Site icon Constance Vork

Self-Mastery

I teach a class in my real estate company called Six Personal Perspectives. It was written by Gary Keller, and is fundamentally the most influential content that I have ever had the great blessing to be exposed to.

The first of the six perspectives is: Commit to Self-Mastery.

When I first read this statement in the workbook as a new student of the concepts, I felt a weight in my stomach. Self-mastery. Oh My God. The temperature of the room seemed to increase as I imagined how  committing to self-mastery would mean facing all the things I found to be wrong with myself. All my flaws and weaknesses, ruthlessly examined and trampled in the steady march toward perfection. Squirm.

And then I learned more.

Specifically, the steps to self-mastery include:

  1. Knowing your goals.
  2. Knowing your strengths and weaknesses.
  3. Knowing how to work with both to seek and master the necessary knowledge, skills and habits to reach your goals.

Exhale.

It’s not about being perfect.

Self-mastery is defined in the course as “possession of great knowledge, skills and habits that make you the master of YOU.”

So mastery, on its own, is the possession of great knowledge, skills and habits that make you the master of a subject. In the book Outliers, Malcolm Gladwell writes about his 10,000 hour rule – generally people who we consider to be masters of a thing will have 10,000 or more hours of practice into their craft. Think musicians, athletes, artists.

Great knowledge, skills and habits.

Knowledge comes from study. Skills come from study + deliberate practice. And habits come from strategic thinking (what habit will help me reach my goal?) to combine and compound our knowledge + our skills.

So how do you apply these to yourself?

Let’s take a look at each one:

Do you have great knowledge of yourself? Do you know who you are at your core? Are you acquainted with the deepest desires of your heart? And the deepest fears?

Have you inventoried your strengths? And your weaknesses? Are you being honest about both?

I’ll give you an example:

I know that I am naturally fast. Like, at everything. Eat fast, drink fast, read fast, do chores fast. I’m always looking for the faster way to do things. I’m not naturally organized per se, yet I DELIGHT in finding systems and strategies to do all the things more efficiently, because at my core, I’m a driver and want to go EVERYWHERE FAST.

This is both a strength and a weakness. And for years I resisted categorizing myself this way, choosing instead to will myself to be different in situations where speed didn’t get me the results I wanted. (As if I could simply will myself to be different!)

Self-mastery in this case is knowing, accepting and embracing this part of who I am.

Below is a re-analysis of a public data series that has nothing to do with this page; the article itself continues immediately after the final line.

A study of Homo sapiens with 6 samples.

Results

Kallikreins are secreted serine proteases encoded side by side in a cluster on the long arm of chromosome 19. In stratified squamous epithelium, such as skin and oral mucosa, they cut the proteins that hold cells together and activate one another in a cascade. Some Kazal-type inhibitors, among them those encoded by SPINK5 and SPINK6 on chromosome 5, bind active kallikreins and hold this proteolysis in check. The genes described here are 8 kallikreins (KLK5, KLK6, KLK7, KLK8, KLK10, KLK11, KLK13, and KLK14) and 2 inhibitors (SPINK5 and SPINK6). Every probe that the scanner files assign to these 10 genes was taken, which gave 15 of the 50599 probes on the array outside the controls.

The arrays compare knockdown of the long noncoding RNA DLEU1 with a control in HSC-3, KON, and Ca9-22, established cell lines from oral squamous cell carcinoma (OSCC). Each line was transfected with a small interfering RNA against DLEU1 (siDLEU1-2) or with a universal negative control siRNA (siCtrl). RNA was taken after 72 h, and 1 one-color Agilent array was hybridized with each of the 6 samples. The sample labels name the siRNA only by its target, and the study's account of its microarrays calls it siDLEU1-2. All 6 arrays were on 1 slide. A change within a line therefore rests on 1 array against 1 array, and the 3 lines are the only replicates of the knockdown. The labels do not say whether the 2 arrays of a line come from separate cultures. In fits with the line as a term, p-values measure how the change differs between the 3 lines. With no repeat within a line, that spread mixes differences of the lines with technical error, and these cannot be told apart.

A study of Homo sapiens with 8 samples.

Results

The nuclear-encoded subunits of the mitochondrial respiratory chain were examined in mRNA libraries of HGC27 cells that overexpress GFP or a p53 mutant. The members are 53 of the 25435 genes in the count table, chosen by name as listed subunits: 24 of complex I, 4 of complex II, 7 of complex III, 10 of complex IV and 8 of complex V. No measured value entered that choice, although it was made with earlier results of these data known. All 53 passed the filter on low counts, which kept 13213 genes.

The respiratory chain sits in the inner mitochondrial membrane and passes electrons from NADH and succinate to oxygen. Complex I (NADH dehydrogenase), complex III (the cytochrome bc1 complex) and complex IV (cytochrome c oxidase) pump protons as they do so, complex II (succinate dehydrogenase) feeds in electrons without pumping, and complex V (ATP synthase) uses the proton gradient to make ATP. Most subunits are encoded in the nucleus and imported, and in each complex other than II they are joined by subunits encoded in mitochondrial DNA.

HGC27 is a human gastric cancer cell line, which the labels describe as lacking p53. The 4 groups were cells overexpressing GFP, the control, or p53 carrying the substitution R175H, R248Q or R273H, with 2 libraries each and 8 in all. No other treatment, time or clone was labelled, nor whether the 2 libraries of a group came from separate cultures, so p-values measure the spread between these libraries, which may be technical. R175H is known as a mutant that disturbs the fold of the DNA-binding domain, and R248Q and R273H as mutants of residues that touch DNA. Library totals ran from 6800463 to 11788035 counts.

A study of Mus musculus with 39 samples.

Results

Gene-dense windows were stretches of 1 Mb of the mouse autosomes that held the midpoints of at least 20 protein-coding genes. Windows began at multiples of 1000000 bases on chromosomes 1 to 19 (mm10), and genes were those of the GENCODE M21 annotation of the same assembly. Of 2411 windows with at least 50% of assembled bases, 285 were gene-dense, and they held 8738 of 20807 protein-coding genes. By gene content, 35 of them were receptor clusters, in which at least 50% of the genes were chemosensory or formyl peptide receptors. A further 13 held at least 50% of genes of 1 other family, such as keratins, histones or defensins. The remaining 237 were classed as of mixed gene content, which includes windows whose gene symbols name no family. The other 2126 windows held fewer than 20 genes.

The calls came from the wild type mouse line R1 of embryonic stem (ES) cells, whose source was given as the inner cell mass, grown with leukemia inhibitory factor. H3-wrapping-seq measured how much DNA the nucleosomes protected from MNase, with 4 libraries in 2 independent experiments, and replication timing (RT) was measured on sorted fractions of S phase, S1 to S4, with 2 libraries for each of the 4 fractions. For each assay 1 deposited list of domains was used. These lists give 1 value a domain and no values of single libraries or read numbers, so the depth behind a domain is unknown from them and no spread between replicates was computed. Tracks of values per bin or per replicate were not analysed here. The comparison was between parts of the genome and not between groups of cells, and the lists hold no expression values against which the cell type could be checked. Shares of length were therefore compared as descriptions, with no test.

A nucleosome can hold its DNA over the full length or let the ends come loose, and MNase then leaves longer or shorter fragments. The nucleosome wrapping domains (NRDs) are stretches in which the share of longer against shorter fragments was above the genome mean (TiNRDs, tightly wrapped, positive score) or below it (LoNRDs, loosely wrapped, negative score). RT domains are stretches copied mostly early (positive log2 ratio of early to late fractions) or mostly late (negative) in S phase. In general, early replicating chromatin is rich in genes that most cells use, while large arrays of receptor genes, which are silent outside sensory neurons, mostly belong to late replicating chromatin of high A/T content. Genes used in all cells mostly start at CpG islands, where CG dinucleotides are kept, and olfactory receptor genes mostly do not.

So the question is: who are YOU?

If someone asked you to list three of your strengths and three of your weaknesses, could you do it easily?

I have conducted dozens of job interviews over the course of the last five years where I ask this of people and the majority of candidates are not prepared with answers. They pause to think, and often struggle to answer. Many give vague or meaningless replies.

Do you possess great knowledge of yourself?

What would it take to answer yes?

How do we apply “great skills” to be the masters of ourselves?

Here are two examples:

Saying No

This is a skill that most of us need to practice in order to execute smoothly. And it’s critical for self-mastery because if we say yes to other peoples’ priorities we are by extension saying no to our own.

Asking Great Questions

Another skill for self-mastery is asking great questions. Perspective-opening questions. Questions that get to the heart of what it’s important to us and how we might achieve it.

Are you skilled at that which will lead you to self-mastery?

In the book The One Thing, Gary Keller wrote that the four thieves of productivity are:

All four of these categories can be looked at through the lens of a habit. Saying no can become a habit. Meditating to channel fear can become a habit. Good health practices can be made habitual. Environmental selection or review can become habitual. (Who are you spending your time with? Is your environment conducive to achieving that which you desire?) Asking questions about where we are with all of these things can become habitual.

How can we do this?

The first step might be to systematize our self-reflection. What if every Friday (or every Sunday, or every Monday) there was a time-block in your calendar for reflecting upon the following questions:

What goal of mine am I inadvertently saying no to by virtue of the other things I’m doing?

What am I scared of right now? What am I pretending not to be scared of? What scares me about that?

What are my current health habits? Where do I choose to improve? What will that do for me?

Is my environment supporting my goals right now? If not, what can do to change that? What am I committed to doing and by when?

Self-mastery is the first of the Six Personal Perspectives for a reason. Subsequent perspectives build upon its foundation. The goal is not perfection. We will ALWAYS be on the journey with respect to self-mastery. And the more we grow to know and master our own selves, the more empowered we will be to adopt the other perspectives and reach our highest potential in life.